Atomic safety experts say that a war fought amid nuclear reactors represents an unprecedented and highly dangerous situation. Henry Sokolski, the executive director of the Nonproliferation Policy Education Center, talked with The World's Carol Hills about the risks.
The $2.2-billion structure has been edged into place over an existing crumbling dome that the Soviets built in haste when disaster struck three decades ago.
In the absence of a human population, the Chernobyl Exclusion Zone has become a de facto nature reserve.
On April 26, 1986, the world suffered its worst peacetime nuclear disaster, when the Soviet reactor at Chernobyl went into meltdown. One survivor talks about how it affected her and her family.
2013 was a mixed bag for the world. Syria's chemical weapons are on the road to being neutralized, but dictator Bashar al-Assad remains in power. Fewer people around the world are going hungry, but many are now overweight or obese. And Japan is still a long way from solving the problems stemming from the 2011 meltdown at Fukushima. All those stories and more in today's Global Scan.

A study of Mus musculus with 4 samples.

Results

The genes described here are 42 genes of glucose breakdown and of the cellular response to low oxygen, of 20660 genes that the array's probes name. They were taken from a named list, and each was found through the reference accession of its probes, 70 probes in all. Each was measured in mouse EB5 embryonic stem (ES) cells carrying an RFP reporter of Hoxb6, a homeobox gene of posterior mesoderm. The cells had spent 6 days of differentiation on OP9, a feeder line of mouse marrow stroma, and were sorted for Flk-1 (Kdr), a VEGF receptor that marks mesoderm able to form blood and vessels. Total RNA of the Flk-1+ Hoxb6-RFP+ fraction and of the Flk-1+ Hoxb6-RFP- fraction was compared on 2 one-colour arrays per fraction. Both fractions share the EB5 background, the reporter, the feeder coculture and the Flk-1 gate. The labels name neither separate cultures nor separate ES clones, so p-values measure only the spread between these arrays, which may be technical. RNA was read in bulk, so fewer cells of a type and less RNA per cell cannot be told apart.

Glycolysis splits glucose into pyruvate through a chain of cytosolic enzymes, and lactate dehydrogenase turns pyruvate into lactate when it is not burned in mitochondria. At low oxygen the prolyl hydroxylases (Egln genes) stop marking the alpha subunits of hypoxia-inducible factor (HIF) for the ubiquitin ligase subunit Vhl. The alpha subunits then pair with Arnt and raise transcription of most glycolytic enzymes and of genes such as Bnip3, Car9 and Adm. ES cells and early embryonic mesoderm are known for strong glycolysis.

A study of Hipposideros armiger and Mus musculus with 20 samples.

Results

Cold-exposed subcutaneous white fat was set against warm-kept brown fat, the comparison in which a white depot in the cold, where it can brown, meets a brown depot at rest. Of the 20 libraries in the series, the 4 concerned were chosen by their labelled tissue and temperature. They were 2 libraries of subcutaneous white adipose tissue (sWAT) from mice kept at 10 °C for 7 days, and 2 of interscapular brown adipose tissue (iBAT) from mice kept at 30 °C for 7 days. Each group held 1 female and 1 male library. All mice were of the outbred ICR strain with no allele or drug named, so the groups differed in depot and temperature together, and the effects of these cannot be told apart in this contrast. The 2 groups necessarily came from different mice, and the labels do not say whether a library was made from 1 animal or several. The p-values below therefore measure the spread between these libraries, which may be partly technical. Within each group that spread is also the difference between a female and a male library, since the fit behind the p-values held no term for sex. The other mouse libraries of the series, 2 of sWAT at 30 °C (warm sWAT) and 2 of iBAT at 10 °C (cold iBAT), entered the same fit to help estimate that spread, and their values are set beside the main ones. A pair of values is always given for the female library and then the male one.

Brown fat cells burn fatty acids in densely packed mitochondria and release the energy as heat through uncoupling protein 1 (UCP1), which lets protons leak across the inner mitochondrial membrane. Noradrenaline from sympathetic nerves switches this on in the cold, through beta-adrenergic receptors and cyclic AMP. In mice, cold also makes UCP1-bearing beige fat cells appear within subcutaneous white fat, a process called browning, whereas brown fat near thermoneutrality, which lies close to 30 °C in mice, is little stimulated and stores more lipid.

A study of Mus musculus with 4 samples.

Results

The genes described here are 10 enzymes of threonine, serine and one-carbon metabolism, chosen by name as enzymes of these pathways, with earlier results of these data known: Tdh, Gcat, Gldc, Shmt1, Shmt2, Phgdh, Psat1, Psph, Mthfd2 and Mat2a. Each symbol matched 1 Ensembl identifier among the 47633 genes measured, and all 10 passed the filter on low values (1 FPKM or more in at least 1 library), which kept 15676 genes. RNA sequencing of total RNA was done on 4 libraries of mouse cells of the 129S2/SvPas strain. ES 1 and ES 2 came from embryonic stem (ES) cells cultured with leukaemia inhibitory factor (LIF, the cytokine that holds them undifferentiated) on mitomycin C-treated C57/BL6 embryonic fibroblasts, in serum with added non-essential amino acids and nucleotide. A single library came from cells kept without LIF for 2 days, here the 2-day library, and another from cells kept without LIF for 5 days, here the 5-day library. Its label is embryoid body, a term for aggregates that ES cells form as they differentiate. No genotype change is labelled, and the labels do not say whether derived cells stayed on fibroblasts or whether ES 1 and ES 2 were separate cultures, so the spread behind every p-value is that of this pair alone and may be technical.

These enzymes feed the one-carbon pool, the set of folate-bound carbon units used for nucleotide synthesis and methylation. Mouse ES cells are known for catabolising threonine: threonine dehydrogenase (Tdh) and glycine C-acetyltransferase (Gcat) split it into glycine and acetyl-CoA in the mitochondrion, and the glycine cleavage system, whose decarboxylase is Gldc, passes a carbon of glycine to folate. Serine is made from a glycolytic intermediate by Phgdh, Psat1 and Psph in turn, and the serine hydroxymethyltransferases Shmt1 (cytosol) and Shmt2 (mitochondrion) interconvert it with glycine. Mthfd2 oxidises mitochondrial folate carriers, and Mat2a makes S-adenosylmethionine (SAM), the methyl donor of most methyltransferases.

As Japanese officials continue to struggle to contain radioactive waste from the nuclear meltdown in Fukushima two years ago, the situation is not getting any easier. Though they've managed to store millions of gallons of waste-contaminated water, the area remains vulnerable to another natural disaster.
A post-Fukushima effort to crowdsource radiation data in Japan has since become the largest source of radiation data in the country. And it's now set to expand to other parts of the world. Catherine Winter reports from Tokyo.
Forty years ago in Munich, Olga Korbut changed the way Americans watched the Olympics. And the tiny pig-tailed athlete inspired girls around the world to take up gymnastics.
Long time resident Harry Shearer takes a 180 degree shift from his comedy career to write and direct a new documentary about New Orleans after Hurricane Katrina.
Scientists have discovered that sunflowers can pull radioactive contaminants out of the soil, and researchers cleaning up the Fukushima site in Japan are putting the flowers to the test.